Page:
Diamond CEO: Gemesis owes $500K for wrong firing

Lawsuit from Stephen Lux, former CEO of Gemesis, is latest setback for firm.

SARASOTA — Stephen Lux, the former CEO at Gemesis, a synthetic diamond manufacturer, has sued the company for wrongful termination and not paying him at least $500,000 in wages.

The lawsuit, filed Jan. 10 in Sarasota County Circuit Court, contends Lux's employee contract states he's entitled to 18 months of salary if he's fired without cause. Lux's salary, according to court records, was $375,000 a year, so that would entitle him to $562,500. The suit further alleges Gemesis owes Lux 400 hours of vacation time and other benefits, including health care and $12,000 a year of car allowance.

Lux's attorneys, Robert Persante of Clearwater and Cynthia Fallon of Sarasota, couldn't be reached for comment today. An official with the public relations firm that represents Gemesis, Raleigh, N.C.-based French/West/Vaughan, responded via email that as a private company, Gemesis "doesn't publicly discuss financial or legal matters."

But the suit is the latest setback for the firm, now called Gemesis Diamond Co. The company, which once operated out of a 60,000-square-foot facility in Lakewood Ranch, has moved into a smaller facility nearby. It also recently changed its business model, from selling to wholesalers to a more retail-focused approach.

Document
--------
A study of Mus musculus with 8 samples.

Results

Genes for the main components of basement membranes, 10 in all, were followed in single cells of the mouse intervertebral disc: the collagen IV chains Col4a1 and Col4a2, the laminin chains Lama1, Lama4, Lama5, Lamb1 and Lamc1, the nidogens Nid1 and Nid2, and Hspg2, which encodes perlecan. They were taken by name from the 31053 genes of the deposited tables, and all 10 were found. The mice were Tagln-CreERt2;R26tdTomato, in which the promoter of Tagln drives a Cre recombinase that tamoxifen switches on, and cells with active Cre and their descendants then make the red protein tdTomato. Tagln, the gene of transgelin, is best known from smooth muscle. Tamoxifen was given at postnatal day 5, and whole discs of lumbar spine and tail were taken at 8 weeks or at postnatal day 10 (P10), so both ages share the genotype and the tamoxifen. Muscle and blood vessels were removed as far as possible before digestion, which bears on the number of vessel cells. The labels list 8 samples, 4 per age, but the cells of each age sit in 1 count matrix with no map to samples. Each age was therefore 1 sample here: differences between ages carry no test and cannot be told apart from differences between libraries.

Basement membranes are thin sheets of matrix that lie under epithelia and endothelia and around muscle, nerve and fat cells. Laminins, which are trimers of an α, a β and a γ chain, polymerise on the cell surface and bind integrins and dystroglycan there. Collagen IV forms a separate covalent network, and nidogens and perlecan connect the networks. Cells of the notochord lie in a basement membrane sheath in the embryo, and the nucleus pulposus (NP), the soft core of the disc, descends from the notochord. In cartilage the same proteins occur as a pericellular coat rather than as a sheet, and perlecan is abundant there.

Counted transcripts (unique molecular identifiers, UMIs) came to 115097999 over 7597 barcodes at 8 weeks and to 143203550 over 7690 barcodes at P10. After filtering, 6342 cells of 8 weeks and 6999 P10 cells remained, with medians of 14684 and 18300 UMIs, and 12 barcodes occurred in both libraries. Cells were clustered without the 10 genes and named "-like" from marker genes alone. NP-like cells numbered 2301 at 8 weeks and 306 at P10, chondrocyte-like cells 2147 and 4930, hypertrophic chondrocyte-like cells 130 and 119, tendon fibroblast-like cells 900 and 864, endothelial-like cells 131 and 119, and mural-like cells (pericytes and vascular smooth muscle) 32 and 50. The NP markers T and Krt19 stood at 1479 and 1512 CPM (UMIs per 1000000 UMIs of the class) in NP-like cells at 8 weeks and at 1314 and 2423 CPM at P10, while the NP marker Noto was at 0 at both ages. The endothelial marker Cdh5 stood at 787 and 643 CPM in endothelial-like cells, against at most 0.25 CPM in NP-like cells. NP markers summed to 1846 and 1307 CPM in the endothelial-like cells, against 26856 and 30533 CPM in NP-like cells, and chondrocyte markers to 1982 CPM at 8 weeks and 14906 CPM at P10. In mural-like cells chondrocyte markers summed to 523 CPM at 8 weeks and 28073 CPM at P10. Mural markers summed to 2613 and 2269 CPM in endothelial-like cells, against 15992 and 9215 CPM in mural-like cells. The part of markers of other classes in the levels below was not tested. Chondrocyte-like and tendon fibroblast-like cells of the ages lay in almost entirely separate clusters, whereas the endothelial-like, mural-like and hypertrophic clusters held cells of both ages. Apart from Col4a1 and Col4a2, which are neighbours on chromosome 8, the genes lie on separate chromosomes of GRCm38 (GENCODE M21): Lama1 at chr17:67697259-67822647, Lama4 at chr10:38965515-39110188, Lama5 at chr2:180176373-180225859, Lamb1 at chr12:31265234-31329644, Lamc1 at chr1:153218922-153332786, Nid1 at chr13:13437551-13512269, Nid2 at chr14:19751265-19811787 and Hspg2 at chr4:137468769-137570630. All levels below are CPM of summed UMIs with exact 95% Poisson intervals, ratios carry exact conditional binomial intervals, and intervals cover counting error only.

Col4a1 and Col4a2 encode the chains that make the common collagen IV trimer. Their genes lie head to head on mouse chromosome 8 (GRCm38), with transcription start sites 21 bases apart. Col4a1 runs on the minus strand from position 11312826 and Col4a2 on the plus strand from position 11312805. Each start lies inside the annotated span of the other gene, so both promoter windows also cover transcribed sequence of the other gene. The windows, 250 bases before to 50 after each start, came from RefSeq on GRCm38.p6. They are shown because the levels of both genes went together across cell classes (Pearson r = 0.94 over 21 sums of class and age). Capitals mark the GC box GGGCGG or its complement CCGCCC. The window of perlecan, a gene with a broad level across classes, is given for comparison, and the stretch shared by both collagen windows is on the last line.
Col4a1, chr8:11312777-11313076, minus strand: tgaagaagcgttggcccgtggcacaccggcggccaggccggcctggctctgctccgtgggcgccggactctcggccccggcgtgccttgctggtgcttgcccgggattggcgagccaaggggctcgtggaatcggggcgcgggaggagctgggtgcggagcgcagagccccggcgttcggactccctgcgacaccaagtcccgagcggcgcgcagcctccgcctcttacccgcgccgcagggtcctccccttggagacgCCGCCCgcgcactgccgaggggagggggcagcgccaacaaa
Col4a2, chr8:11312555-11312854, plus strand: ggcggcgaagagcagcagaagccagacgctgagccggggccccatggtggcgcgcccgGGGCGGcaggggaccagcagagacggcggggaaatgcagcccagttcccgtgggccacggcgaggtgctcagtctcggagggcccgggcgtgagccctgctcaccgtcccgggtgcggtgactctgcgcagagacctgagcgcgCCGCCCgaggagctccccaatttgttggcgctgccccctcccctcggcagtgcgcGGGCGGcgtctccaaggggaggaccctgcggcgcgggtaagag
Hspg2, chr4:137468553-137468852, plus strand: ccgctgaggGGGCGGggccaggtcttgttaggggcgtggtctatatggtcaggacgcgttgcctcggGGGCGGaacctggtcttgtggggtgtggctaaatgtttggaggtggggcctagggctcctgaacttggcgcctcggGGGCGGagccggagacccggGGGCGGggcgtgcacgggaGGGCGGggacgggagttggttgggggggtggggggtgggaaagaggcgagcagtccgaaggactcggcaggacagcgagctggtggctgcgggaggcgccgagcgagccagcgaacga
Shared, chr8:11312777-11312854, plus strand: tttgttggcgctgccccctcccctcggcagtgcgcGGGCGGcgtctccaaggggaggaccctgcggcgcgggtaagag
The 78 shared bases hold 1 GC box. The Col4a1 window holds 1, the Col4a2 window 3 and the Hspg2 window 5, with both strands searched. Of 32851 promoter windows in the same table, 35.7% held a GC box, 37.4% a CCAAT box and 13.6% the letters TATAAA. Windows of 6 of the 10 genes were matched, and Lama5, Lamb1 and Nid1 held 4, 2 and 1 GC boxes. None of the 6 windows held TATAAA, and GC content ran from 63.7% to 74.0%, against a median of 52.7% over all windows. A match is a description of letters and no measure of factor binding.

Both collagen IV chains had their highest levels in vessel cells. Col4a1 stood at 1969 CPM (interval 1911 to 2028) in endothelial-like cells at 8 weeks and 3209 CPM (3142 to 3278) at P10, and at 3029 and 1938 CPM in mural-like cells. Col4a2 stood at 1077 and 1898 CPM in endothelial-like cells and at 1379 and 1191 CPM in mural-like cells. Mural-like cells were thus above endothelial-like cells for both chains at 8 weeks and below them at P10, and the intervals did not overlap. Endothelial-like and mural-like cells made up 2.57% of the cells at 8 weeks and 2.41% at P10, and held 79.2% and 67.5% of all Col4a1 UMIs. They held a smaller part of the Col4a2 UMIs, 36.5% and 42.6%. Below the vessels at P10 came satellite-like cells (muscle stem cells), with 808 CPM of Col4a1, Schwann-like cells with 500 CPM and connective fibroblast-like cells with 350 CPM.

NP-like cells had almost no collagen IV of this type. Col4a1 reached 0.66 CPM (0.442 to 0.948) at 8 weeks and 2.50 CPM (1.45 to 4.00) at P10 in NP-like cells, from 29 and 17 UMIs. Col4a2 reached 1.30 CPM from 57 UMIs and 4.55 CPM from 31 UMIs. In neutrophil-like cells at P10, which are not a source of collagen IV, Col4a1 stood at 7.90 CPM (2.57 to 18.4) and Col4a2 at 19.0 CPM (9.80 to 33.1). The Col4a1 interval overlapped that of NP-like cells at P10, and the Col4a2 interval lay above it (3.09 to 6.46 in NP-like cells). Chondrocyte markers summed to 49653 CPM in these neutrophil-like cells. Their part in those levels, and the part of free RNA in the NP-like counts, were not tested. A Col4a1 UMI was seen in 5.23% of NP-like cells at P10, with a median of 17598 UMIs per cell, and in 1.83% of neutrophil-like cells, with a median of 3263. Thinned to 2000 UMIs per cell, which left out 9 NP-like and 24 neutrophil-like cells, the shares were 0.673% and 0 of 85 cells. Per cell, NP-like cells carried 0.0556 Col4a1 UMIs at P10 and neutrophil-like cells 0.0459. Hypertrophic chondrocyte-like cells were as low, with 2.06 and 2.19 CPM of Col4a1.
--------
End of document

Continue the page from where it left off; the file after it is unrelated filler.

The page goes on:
The firm, founded in 1995 and much celebrated by local media and officials in the mid-2000s, uses machines that replicate the conditions under which diamonds are created in nature. The machines apply about 850,000 pounds of pressure per square inch and extreme heat to a tiny synthetic or diamond.

Lux was hired to run the company in October 2006. On Dec. 11 Lux notified the lead shareholders of the firm that he intended to resign, effective March 1, 2013, according the lawsuit.

But Gemesis, the suit alleges, rejected the resignation and deactivated Lux's email on Dec. 17. The company then gave Lux another resignation letter to sign. “At the same time that Lux was provided the new resignation letter,” the suit contends, “he was also provided with a termination letter in the event that he did not sign the new resignation letter.”

The lawsuit alleges Lux was then fired without cause and the company changed the locks at the corporate office. Lux, with a master's degree in chemical engineering, previously worked for a chemical firm in New Jersey and St. Louis-based agricultural giant Monsanto.